March 16, 2010

John Rizzo
One silver lining in the current economy is the number of interesting bank debt deals available. As an asset class, bank debt is growing in popularity because of its relatively low risk, in terms of its position on the cap structure, and high returns, particularly when compared with other asset classes; such as equities, bonds or derivatives. In the current economic environment, asset prices are low, prompting many alternative asset managers to buy into distressed debt and other opportunities.

Alternative investment firms and other non-traditional lenders – which are able to act quickly to invest in the credit markets – are playing an increasing role in returning liquidity to the corporate lending market. Investors looking for high returns with lower risk exposure are seeking out alternative asset managers who understand and can handle investments in this space. Even funds that have traditionally traded non-credit assets are looking at ways that they can improve by adding a credit strategy to their portfolios.

Alternative investment firms are participating in the primary market, originating deals and acting as the agent, as well as the secondary market, where they are actively trading bank debt. In both cases, managers have several operational challenges. Funds that are originating loans must have the capability to handle the work involved with being a primary lender, including the asset management and loan administration functions, which require considerable time and effort. Often this means monitoring the deal through numerous metrics, periodic due diligence, restructuring the deal and potentially having to deal with workout situations with the borrower when things don’t go right. Given the manual nature of this work, often funds will be forced to hire many people, with extensive experience and expertise, to perform these roles.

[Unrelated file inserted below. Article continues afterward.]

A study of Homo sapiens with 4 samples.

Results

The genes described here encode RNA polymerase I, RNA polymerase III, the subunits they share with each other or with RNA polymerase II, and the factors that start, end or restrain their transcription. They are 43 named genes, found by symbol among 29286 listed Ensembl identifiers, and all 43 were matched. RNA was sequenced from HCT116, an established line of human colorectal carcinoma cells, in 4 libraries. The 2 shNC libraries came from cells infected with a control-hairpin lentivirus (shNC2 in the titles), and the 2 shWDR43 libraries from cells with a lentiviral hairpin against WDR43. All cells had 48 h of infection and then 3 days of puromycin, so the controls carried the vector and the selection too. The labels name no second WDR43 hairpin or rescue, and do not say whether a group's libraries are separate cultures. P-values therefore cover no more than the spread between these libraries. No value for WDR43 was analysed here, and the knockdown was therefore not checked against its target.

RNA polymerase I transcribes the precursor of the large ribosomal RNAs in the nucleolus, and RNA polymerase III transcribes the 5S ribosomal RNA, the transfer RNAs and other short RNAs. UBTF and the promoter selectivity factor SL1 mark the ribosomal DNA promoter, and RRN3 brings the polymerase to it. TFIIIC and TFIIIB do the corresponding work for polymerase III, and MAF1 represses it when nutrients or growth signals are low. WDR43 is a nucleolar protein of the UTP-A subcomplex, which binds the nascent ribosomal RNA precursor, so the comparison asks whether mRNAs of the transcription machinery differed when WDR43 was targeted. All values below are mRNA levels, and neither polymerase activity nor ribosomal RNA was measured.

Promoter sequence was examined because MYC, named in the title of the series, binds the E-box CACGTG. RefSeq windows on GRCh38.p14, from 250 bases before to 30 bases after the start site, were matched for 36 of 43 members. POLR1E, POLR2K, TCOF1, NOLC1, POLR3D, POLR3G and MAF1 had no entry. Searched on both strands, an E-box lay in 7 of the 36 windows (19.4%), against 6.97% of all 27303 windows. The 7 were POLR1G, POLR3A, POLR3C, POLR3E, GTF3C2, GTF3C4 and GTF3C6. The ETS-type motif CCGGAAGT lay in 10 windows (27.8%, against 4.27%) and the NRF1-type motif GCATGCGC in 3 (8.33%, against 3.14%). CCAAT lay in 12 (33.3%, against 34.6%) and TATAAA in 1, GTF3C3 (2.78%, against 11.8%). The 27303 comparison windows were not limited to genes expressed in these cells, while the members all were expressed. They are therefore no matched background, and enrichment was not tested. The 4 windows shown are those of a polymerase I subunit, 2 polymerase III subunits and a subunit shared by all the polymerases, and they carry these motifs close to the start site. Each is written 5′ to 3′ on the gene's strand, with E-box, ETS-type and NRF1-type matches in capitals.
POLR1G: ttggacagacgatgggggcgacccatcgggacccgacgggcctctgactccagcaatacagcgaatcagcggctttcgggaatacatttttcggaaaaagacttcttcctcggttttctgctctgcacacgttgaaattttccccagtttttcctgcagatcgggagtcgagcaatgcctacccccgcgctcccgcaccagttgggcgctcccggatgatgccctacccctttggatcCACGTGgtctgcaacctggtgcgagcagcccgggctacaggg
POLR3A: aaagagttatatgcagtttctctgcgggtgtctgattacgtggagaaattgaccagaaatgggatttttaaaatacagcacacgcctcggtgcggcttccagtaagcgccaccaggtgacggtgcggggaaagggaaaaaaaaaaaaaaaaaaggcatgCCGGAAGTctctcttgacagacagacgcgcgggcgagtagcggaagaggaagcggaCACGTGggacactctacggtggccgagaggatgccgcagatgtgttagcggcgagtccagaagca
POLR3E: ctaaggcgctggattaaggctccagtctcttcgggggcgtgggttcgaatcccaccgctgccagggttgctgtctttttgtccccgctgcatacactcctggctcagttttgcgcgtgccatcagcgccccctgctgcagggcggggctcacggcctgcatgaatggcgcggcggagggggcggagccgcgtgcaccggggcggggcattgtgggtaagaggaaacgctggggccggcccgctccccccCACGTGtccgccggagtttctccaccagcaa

For funds participating in the secondary market, a significant operational consideration is how they will quickly settle and manage their positions to make sure the economics of their holdings are correct and that the agent properly reflects the funds position in the deal; for instance, funds have to process numerous updates from the agent and confirm that the agent has accurately administered the fund’s portion of the deal. Because bank debt dealings are largely manual – involving fax and email – firms must figure out a way to improve the efficiency of managing their positions, maintain transparent exposure reporting and decrease operational risk.